Soaring mountains, spectacular vistas and Old West culture – Colorado has much to be proud of. And the state will have extra cause for celebration on 1 August, when it turns 140. On that day in 1876, President Ulysses S Grant signed a proclamation admitting Colorado to the Union as the 38th state. To celebrate, here are five ways to experience Colorado, from mountain biking to mountain concerts.
Make a splash
Spanish travellers named Colorado after its river, which has a ruddy colour thanks to its mountain silt. Water-based activities offer some of the most thrilling or relaxing ways of seeing the state. For an adrenaline fix, hit the rapids in an inflatable raft. Close to Fort Collins, the Cache La Poudre River is flanked by cliffs and suitable for all abilities. Children will love splashing through sections of fast-moving water with names like Roller Coaster, while experienced rafters can navigate class IV rapids, such as Devil’s Staircase. Colorado Rafting (coloradorafting.net) offers guided trips, including the half-day Poudre River trip from $67 (£51). For something more relaxing, head to the Dunton Hot Springs (duntonhotsprings.com), a luxurious resort set in an old ghost town, where you can wallow in hot springs beneath snowy peaks and sleep in sumptuous cabins.
On your bike
When the snow melts, Colorado’s ski resorts transform into a mountain biking mecca. This June, a new 25-mile loop trail was unveiled at Snowmass, combining world-class downhill sections with gentle single-track on terrain ranging from high desert to shaded forest. Blazing Adventures (blazingadventures.com) offer bike tours, including a half-day Snowmass Divide Ride, which takes in back roads and ranches, and costs $83.25 (£64). Alternatively, Crested Butte and the Gunnison Valley have the country’s longest mountain bike trail system, with more than 750 miles of fun single-track and technical descents with outstanding mountain views. Bike hire from Big Al’s (bigalsbicycleheaven.com) in Crested Butte starts at $20 (£15).
Colorado is teeming with working ranches – many of them welcoming overnight guests. Pick up some cowboy skills at the Colorado Cattle Company ranch (coloradocattlecompany.com). You’ll be working side-by-side with ranch hands and learning branding, penning and roping. A six-night, all-inclusive Cowboy Adventure Week costs from $2,199 (£1,698) excluding flights. Or, near the colourful south-western city of Durango, Wilderness Trails Ranch (wildernesstrails.com) offer Cattle 101 classes where you head out on day-long or overnight mountain pass cattle drives. An all-inclusive, six-night stay costs from $2,895 (£2,235) excluding flights.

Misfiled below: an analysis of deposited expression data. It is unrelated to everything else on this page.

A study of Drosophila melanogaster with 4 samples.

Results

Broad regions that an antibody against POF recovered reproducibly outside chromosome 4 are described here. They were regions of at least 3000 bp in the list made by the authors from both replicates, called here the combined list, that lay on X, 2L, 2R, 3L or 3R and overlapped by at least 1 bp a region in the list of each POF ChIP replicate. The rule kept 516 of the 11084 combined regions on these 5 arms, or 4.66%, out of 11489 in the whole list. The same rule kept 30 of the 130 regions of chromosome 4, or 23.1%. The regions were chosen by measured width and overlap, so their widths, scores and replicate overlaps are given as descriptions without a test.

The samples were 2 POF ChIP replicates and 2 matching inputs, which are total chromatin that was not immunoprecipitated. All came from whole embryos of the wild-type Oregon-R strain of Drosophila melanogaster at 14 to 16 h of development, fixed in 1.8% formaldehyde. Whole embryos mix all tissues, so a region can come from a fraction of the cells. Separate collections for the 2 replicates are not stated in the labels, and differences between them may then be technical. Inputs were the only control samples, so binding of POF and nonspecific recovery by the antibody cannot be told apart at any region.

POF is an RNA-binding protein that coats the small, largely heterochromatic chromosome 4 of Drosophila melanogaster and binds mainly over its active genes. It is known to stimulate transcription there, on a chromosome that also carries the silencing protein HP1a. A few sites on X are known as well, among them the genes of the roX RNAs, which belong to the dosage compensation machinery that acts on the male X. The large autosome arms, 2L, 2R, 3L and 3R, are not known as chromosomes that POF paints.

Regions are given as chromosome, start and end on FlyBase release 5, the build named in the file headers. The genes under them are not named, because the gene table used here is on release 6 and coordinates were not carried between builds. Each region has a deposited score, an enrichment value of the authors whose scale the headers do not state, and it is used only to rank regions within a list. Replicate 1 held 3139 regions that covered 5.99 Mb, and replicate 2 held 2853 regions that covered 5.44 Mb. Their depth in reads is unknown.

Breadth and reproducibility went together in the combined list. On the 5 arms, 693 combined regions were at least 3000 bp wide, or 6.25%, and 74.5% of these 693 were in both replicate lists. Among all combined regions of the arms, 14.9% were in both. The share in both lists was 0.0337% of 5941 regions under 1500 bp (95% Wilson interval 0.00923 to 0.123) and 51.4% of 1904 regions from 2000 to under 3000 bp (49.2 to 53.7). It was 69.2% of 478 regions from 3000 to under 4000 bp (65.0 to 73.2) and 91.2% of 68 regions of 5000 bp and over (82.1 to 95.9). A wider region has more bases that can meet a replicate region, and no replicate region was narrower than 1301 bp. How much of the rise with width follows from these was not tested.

Colorado is known for its ski resorts such as Breckenridge, Telluride, Vail and Aspen, when skiers and boarders flock here for the world-class conditions. The winter season runs from November to April – but you can also stay on board during the summer months by speeding down the dunes of the Great Sand Dunes National Park. Sandboards and sandsleds can be hired from outdoor retailers, such as Kristi Mountain Sports (kristimountainsports.com) in Alamosa, where rental costs $18 (£14) per day.
Music in the mountains
Concert venues don’t get much better than this. The majestic sweep of Red Rocks Amphitheatre (redrocksonline.com) is set in the middle of the Denver Mountain Parks system, 10 miles west of the city. Nestled at the bottom of swirling red rock is the amphitheatre, which has played host to the likes of The Beatles, Jimi Hendrix, Coldplay and Bruce Springsteen. Its music programme runs from April to September, and upcoming acts include Ryan Adams, Jason Isbell and Counting Crows. Widely recognised as having perfect acoustics for musical concerts – as well as unmatched scenery to enjoy between acts – this year marks the amphitheatre’s 75th anniversary.